The simulation used for the study maps out the distribution of gas, which provides fuel for stars and material for planets. It includes the Milky Way (MW) and Andromeda (M31) galaxies.

K. Riebe/CLUES project (

The most likely spots for life in the Milky Way

Our home galaxy isn’t as hospitable to life as you might think. Cosmic radiation, supernova explosions, and collisions with small galaxies make much of the Milky Way too hellish for biology. But a detailed new simulation locates quiet and fertile neighborhoods, including a surprising locale: wispy streams of stars flung far beyond the main body of the Milky Way.

To support life as we know it, planets must have liquid water and orbit in the right place in their solar systems, not too close and not too far from their star. Similarly, life will not emerge or survive for long near the centers of galaxies. Here, the high density of stars means that at any given time several could be exploding, frying off a planet’s ozone layer and exposing any surface life to deadly ultraviolet rays.

So in the new study, researchers led by physicist Duncan Forgan of the University of St. Andrews in Fife, U.K., focused on the regions far from a galaxy’s center. They used computer simulations to model an entire Milky Way–like galaxy and its neighbors, the Andromeda and Triangulum galaxies. They then simulated the distribution of gas, stars, and planetary systems within those whorls of stars. Finally, they allowed these galaxies to evolve over billions of years, while mapping out their evolving habitable zones. “We’re the first to look at how the history of galaxies affects their habitability,” Forgan says.

For every type of star in the simulation, Forgan and his colleagues estimated the probability that terrestrial planets would form, some of which might be Earth–like or might be as inhospitable as Mercury. They also estimated the chance that a giant planet as large as Neptune would form near the star, as it would disrupt potential earths that could have assembled there. Then they analyzed the likelihood of short-lived life-friendly worlds that happened to be in stellar systems too close to dying, exploding stars.

The team’s simulations show, perhaps not surprisingly, that potentially habitable planets are more likely to remain so if they form in areas far from dense conglomerations of stars, where more supernova explosions occur. The results indicate that for the Milky Way and other spiral galaxies, the most dangerous regions are in the galactic centers, whereas the more diffuse spiral arms pose fewer hazards and are therefore more hospitable to life. Earth lies near the inner edge of this habitable zone.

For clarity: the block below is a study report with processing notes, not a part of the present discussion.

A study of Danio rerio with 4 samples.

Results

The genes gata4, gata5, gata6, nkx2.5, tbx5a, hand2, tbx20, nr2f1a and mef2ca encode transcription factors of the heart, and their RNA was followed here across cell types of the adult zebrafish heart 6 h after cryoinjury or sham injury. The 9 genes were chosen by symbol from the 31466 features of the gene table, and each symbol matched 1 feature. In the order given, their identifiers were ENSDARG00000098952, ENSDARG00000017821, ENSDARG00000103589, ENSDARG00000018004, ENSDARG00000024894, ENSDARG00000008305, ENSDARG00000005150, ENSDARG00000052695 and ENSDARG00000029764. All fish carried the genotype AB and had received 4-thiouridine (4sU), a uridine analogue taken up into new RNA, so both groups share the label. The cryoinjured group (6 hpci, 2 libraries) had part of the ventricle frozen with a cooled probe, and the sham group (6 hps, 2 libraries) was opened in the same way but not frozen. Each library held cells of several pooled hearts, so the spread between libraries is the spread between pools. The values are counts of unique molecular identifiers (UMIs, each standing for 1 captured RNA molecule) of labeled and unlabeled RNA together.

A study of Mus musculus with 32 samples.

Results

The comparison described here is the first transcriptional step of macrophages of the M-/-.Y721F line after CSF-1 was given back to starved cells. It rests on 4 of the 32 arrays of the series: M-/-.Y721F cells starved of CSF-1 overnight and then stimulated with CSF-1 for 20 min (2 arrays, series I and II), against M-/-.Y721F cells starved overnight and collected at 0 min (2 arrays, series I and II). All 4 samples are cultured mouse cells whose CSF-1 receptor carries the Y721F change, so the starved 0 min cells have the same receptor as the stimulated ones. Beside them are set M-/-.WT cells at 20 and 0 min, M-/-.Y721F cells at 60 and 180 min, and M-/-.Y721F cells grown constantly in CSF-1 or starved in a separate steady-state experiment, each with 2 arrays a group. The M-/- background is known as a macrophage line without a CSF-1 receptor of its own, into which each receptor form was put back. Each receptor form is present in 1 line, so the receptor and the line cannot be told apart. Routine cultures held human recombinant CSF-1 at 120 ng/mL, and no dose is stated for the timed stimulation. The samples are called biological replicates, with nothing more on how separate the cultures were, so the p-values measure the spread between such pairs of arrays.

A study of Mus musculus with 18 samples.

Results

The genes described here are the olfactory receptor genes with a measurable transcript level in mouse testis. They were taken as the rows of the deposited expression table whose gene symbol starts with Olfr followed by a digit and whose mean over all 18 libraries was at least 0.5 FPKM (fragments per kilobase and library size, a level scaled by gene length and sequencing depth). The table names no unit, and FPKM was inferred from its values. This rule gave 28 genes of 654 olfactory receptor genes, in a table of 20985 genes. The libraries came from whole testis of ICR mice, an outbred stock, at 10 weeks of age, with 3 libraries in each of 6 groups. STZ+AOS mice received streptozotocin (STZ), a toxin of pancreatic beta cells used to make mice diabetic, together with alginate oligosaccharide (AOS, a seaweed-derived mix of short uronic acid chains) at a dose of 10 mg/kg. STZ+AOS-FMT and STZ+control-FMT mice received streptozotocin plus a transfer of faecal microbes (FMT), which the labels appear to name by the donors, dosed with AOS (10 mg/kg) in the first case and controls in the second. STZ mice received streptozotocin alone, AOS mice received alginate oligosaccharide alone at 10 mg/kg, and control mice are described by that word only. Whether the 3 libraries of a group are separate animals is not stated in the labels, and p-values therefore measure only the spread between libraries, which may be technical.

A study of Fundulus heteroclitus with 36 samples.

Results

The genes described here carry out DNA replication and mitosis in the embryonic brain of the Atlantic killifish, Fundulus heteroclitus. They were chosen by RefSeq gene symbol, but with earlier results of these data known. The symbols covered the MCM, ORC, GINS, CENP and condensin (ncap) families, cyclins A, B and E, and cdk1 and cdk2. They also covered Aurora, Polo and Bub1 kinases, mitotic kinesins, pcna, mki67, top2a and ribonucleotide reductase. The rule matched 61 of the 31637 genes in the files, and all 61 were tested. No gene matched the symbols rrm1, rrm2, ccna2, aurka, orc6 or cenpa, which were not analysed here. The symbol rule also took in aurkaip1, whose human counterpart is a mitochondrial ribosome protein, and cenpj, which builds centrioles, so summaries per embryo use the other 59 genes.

Observations from NASA’s Kepler space telescope strongly suggest that, “basically every star has a planet, on average, which is pretty mind-boggling,” Forgan says. Because the team’s simulation has many stars in the inner regions of galaxies, many planets form there, and some will be habitable but with a low chance of escaping irradiation from supernovae. The odds of a planetary system containing habitable worlds far enough away from these stellar explosions increases far from the galactic center, peaking in the outer edges of the spiral arms, the team will report in an upcoming issue of the International Journal of Astrobiology.

The scientists modeled not just the stars, but also the evolution of the galaxies themselves. Over billions of years, gravity pulls neighboring galaxies together, just as the Milky Way and Andromeda now experience that inexorable force. Forgan and his co-authors found that when galaxies collide, the habitable zone is transformed and then gradually settles back to its general trend: Stars at larger distances from the galactic center have higher chances of hosting planets hospitable to life.

Forgan and his team also widened the scope of their model to account for objects beyond the Milky Way’s spiral arms. These include filamentlike streams of stars—remnants of galactic collisions—as well as small “satellite” galaxies orbiting the Milky Way. These objects turn out to have “pockets of habitability,” with many life-friendly stars beyond where astronomers have traditionally pointed their telescopes.

These simulations “guide us about where to look” for habitable worlds, says physicist Anupam Mazumdar of Lancaster University in the United Kingdom, who was not involved in the study. Current telescopes and surveys are scanning wide areas in the Milky Way, but future telescopes could engage in more focused searches, he suggests.

Mazumdar notes that the simulation lacks fine resolution and cannot probe scales smaller than a hundred light years. Because the study cannot yet capture the details of individual stars and their planetary systems, the scientists must make approximations about how supernova explosions affect planets within those systems.

Habitable planets face additional threats missing from this research, including radiation spewing from gamma ray bursts, which are rarer and more intense than supernovae, says astronomer Neil Gehrels of NASA’s Goddard Space Flight Center in Greenbelt, Maryland.

There is also “some uncertainty in the distance range and rate of supernovae,” which determine how hazardous a galactic region might be and how far a planet must be from a supernova to remain safe, he says. “But their basic idea has got to be right that there are regions in our galaxy where there’s too much star formation going on.”